The success of the EMR adoption is an empowered staff.
An appointed ‘Physician Champion’ can be instrumental in the success of the EMR adoption. This person should be motivating, enthusiastic, have a good working knowledge of the EMR and be able to articulate the specific benefits that the EMR will provide.
Appoint an in-house ‘Project Manager.’ Most vendors will supply a Project Manager for large group installations but in addition, have a key person on staff to oversee the entire project. This person should have extensive knowledge of all areas of the EMR as well as how the EMR will interact with each type of provider and support staff. This person is crucial for the “Big Picture” and to understand and translate the rationale for the decisions being made.
Acquire an EMR with Staff Inclusion
Communicate to the staff the practice’s desire to acquire an EMR before the purchase. Better yet, have them be included in the decision of which EMR vendor to choose. It is common for a physician to choose an EMR with no input from the support staff. This can create a feeling of resentment among staff and a feeling that their input is not useful or necessary. The staff will more likely embrace a system that they have had input in choosing and will be more acceptable to the adoption.
Be aware that support staff may feel that they could be replaced by an EMR. In certain cases this may be accurate particularly with file clerks or other types of staff. Be sensitive to this possible concern.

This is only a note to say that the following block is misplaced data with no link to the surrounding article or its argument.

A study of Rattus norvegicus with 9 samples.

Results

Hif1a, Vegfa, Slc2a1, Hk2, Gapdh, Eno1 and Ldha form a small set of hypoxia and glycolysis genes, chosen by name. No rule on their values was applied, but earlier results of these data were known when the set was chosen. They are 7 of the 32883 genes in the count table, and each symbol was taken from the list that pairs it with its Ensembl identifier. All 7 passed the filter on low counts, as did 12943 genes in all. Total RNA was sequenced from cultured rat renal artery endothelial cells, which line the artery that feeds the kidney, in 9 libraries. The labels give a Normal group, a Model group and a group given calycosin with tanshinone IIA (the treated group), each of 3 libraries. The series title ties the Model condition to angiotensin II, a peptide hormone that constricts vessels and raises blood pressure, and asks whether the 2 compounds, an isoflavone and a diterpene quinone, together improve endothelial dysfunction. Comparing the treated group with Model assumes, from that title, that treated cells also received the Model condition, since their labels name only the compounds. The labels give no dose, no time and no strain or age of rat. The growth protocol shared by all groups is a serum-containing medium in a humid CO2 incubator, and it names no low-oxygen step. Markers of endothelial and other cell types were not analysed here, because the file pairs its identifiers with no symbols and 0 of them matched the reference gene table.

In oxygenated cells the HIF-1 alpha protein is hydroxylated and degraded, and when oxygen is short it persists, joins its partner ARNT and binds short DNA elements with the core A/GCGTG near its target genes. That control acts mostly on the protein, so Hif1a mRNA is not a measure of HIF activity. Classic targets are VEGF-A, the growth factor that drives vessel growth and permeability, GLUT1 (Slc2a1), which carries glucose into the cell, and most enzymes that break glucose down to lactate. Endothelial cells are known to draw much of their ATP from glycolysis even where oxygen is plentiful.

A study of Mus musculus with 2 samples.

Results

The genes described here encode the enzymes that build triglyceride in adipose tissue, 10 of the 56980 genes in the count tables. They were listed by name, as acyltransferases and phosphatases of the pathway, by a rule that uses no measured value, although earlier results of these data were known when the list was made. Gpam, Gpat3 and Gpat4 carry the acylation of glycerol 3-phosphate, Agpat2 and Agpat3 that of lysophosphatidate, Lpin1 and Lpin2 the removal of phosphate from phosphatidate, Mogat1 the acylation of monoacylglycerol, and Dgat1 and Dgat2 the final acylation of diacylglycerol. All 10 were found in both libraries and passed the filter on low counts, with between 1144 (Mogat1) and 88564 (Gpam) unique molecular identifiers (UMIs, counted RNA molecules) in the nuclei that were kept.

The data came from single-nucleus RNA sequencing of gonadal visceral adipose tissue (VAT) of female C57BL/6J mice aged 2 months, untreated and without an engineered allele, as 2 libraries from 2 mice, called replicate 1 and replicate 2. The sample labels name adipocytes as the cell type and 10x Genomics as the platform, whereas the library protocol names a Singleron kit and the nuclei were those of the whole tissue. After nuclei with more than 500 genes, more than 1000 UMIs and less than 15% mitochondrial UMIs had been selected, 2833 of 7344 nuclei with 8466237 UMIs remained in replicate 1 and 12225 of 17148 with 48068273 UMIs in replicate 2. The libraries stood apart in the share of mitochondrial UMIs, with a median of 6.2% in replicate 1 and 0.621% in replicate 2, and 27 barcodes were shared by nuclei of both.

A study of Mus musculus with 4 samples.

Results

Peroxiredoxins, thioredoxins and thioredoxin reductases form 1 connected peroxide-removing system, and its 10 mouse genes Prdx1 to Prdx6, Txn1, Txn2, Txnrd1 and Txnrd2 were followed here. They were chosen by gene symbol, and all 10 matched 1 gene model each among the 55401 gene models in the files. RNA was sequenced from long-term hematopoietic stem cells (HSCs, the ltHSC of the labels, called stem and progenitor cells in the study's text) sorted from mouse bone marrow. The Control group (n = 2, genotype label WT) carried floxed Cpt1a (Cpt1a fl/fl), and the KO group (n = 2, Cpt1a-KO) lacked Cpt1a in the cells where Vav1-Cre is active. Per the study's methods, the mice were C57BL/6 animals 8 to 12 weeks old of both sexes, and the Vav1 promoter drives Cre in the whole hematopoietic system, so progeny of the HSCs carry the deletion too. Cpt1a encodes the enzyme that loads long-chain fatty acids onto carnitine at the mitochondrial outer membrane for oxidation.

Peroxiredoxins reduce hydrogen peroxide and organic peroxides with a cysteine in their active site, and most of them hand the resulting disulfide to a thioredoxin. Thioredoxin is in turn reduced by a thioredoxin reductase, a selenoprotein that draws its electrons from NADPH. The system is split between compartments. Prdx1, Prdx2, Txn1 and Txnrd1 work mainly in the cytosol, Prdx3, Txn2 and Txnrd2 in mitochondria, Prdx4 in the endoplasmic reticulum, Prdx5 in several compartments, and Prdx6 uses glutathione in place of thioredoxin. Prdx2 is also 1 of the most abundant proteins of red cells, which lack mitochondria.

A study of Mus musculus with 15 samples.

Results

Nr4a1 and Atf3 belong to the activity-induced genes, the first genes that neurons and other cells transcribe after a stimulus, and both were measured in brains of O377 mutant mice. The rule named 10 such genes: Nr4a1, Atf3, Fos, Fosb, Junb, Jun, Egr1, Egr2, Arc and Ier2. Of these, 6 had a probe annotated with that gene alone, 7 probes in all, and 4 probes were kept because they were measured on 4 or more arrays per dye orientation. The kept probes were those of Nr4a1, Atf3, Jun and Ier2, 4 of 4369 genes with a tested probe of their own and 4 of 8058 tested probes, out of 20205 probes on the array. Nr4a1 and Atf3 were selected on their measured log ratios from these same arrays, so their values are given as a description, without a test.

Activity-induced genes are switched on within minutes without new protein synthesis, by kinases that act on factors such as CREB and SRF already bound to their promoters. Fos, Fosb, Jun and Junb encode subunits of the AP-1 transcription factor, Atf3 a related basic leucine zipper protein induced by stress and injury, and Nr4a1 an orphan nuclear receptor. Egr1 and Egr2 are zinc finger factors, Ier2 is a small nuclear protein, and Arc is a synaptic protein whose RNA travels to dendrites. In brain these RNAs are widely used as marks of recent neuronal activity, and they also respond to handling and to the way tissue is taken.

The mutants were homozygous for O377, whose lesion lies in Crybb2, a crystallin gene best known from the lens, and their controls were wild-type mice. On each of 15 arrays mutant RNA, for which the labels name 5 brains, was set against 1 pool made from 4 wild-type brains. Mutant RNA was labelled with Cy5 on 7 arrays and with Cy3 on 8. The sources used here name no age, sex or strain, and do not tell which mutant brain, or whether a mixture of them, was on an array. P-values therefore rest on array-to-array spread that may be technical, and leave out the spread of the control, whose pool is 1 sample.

Have an end-user staff be involved in the system set-up. Many times practices rely on one person to set-up system files, pick-lists, defaults, templates or libraries, customizable options etc.. This presents a problem in that only one person has an understanding of the rationale for the decisions that were made at that time and critical knowledge will be lost if that person leaves the practice. It is best to utilize the end-users for system-set-up decisions because they are the ones who will be performing the tasks that the system parameters will affect. They have the detailed knowledge of present procedures and workflows and therefore may know ramifications of such system set-up parameters or other functionality.
Map out workflows utilizing current staff members. Map out current workflows on paper and bring in the end-users who perform the current workflows to help design new workflows for the EMR. No one knows their job better than the person who does it everyday. More often, practices do not go to this source for their crucial input.
The learning curve for complete and successful adoption of the EMR is usually vastly underestimated. Even if productivity is not affected initially during the go-live phase, most providers do report an increase in the length of time necessary for documentation. This is especially apparent if templates are used and the provider’s are not familiar with them. Most providers will spend additional time at the end of the day documenting notes after a go-live. Usually within 6 months to one year, most providers are leaving the office at their normal times. It is difficult to predict length of learning curves and the impact of learning curves on productivity. Utilize the vendor’s knowledge for benchmark learning curve estimates.